Poker Tracker Guide Home Page
Poker Tracker Guide Contact Us
About Poker Tracker GuidePoker Tracker Guide Frequently Asked QuestionsPoker Tracker Guide SampleOrder Poker Tracker Guide

    Poker Tracker Guide - Sample Chapter

    We don't want to give away all the tips you'll find in the Poker Tracker Guide, but to show you some of what it has to offer, we've included a snippet sample chapter. The following chapter describes how to set up multiple databases for players who play more than one "type" of hold 'em (e.g. no-limit and limit or full ring games and shorthanded ring games).


    2.6 Different Databases for Different Games

    Unfortunately, if you play more than one "type" of hold 'em, there is no easy way to set up Poker Tracker to auto-generate different notes files for each game. For example, if we play No-Limit, shorthanded, and full ring games, we'd really like to have three separate notes files for each type of game. We've developed a method to achieve this functionality, although it requires a bit of manual intervention to make it work.

    Step 1 - Copy the main poker tracker database
    First we need to create a copy of our current database file. We do this by the following process:

    • Right click on the start button and select "explore"
    • Navigate to the "Program Files" folder, and then open the "Poker Tracker V2" folder
    • Select the file titled "ptrack.mdb" and copy it
    • Paste the file into the same directory. You should see a file titled "copy of ptrack.mdb"
    • Rename the file to "ptrack2.mdb"
    • In the Poker Tracker window, go to the menu option, "File" --> "Maintain Poker Tracker Database Names"
    • Click the button labeled "Add"
    • Type in a description for the new database (e.g. pt_shorthanded_db)
    • Click on the empty box in the "Database File" column, and select "Browse To Find an Existing Database" from the drop-down menu
    • Select the "ptrack2.mdb" file that you just created
    • Click the "OK" button

    You've now made a copy of your Poker Tracker database, and can open this copy by going to the menu option, "File" --> "Open Database" and selecting the new database. We will use this new database to generate a second set of notes for one of our other game types.

    Step 2 - Back up the notes file
    Online poker sites store notes as a simple text file on your machine, and read from this file every time you start the online poker application. For example, PartyPoker's notes file is called "Notes.txt," and stored in the /Program Files/PartyPoker/ directory. When Poker Tracker generates notes, it overwrites this file with information from the database. In order to create a separate set of notes for each game, we will maintain a separate "Notes.txt" file for each game. We do this by simply copying the notes file after we auto-generate our notes, and storing it under a different name. For example, after we run export our notes for full ring games, we copy the notes file (select the file "Notes.txt" in the /Program Files/PartyPoker/ directory) and rename it to "full_ring_notes.txt".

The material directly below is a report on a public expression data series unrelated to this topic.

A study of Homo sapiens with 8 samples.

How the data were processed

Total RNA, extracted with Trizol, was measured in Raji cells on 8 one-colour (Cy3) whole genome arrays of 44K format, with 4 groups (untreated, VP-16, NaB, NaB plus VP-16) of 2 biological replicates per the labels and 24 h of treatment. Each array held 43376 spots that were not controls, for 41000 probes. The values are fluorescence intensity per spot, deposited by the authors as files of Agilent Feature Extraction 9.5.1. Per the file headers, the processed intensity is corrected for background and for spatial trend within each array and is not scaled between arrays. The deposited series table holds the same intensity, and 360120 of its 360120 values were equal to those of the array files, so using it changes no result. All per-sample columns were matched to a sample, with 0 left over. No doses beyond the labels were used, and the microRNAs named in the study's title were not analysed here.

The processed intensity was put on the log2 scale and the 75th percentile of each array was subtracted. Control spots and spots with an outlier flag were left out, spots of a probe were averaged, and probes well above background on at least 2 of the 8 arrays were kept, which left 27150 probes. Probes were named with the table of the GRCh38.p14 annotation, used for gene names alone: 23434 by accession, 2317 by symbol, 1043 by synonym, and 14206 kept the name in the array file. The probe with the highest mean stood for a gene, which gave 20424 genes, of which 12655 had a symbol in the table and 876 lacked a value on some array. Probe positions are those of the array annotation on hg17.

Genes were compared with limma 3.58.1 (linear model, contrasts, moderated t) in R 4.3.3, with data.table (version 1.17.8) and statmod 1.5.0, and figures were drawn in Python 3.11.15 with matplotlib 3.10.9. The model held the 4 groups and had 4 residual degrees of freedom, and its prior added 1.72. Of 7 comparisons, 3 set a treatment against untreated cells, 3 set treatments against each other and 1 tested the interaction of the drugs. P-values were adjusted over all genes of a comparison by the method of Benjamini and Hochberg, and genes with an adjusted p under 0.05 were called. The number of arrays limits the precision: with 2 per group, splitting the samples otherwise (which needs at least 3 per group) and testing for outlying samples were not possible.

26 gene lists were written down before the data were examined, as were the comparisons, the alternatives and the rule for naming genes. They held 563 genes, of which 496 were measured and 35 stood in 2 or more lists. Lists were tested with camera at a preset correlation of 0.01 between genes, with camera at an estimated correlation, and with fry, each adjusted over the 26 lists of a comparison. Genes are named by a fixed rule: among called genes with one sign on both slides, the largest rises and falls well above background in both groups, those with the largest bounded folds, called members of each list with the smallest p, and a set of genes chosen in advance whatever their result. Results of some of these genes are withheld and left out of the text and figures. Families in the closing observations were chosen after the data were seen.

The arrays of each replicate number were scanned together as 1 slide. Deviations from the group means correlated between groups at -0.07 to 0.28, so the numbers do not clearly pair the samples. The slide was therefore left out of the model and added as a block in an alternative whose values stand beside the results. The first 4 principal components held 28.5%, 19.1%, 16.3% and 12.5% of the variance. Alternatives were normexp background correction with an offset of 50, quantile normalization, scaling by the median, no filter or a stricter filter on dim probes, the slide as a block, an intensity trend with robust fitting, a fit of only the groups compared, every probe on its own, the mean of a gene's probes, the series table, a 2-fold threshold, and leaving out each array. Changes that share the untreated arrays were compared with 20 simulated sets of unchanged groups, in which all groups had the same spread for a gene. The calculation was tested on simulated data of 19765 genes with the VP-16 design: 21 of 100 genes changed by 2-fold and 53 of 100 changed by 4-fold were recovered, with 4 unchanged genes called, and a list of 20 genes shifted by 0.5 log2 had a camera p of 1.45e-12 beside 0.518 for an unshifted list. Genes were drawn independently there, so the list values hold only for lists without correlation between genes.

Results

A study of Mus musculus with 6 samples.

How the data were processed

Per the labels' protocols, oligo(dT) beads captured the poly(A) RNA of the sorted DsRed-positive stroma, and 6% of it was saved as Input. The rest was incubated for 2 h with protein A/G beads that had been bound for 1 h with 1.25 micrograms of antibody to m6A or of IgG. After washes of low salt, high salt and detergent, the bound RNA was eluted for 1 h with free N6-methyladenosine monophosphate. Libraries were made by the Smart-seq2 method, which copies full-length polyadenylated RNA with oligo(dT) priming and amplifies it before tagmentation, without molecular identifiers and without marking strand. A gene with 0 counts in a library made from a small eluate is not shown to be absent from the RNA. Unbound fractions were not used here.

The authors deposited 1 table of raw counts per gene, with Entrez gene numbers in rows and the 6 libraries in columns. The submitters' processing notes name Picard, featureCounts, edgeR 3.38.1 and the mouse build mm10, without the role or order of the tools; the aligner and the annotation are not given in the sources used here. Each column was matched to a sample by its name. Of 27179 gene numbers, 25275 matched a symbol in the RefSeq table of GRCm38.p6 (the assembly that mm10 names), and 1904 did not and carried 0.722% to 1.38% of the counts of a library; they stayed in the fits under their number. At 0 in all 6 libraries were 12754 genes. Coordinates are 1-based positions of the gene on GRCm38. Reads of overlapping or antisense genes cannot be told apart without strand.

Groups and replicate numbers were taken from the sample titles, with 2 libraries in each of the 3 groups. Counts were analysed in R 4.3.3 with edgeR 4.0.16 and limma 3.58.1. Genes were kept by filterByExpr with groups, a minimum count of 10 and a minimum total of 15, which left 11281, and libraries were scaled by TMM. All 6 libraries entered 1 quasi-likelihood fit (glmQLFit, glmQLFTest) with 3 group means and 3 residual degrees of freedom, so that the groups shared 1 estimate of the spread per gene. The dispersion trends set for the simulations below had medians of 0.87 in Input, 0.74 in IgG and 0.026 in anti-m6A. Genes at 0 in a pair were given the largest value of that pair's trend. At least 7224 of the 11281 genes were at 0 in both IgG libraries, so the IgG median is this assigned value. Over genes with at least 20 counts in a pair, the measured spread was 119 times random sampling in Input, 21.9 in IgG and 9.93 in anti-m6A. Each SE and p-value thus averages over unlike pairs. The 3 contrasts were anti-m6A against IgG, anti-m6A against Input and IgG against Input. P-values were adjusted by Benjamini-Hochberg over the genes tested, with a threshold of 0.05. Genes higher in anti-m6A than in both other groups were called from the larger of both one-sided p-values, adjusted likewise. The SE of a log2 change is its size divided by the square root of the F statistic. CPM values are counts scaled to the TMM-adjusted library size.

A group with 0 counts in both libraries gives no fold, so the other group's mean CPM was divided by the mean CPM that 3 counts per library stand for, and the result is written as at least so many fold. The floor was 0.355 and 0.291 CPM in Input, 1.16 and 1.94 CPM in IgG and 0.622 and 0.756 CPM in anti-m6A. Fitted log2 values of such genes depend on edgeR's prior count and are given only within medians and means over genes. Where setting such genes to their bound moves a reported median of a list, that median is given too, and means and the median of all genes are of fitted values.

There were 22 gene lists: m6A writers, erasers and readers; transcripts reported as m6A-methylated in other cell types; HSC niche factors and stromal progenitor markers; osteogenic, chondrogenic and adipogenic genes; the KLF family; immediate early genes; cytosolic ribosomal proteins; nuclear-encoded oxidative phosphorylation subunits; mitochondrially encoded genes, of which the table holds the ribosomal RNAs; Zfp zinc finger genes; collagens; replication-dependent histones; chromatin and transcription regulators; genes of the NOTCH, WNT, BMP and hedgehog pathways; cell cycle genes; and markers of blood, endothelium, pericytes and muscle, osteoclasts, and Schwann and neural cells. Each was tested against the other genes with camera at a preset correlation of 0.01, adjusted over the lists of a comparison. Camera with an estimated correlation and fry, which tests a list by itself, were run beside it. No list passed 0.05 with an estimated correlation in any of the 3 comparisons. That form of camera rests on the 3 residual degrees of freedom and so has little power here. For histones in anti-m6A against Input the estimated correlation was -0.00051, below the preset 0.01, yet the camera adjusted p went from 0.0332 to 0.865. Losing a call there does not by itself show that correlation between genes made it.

Step 3 - Auto-rate and export notes for your other game
    Now that we've stored our exported notes for our first game type, we can use our second database to auto-rate players (based on categorization rules specific to that game) and export notes to a second notes file. For example, we have a separate database and set of auto-rate rules for shorthanded games. We've exported these rules to "Notes.txt" and made a copy of the notes file titled "shorthanded_notes.txt".

    Step 4 - Before logging on to the poker site, rename the desired notes file
    Now that we have two different notes files, we simply rename the one we wish to use to "Notes.txt" before running the poker application. For example, if we are going to play a shorthanded game, we would delete the current "Notes.txt" and rename the "shorthanded_notes.txt" to "Notes.txt". This ensures that our notes will be read by PartyPoker when we run the application.

    This process is a bit time-consuming, but we find it to be the only possible way of maintaining notes of high informational value across games.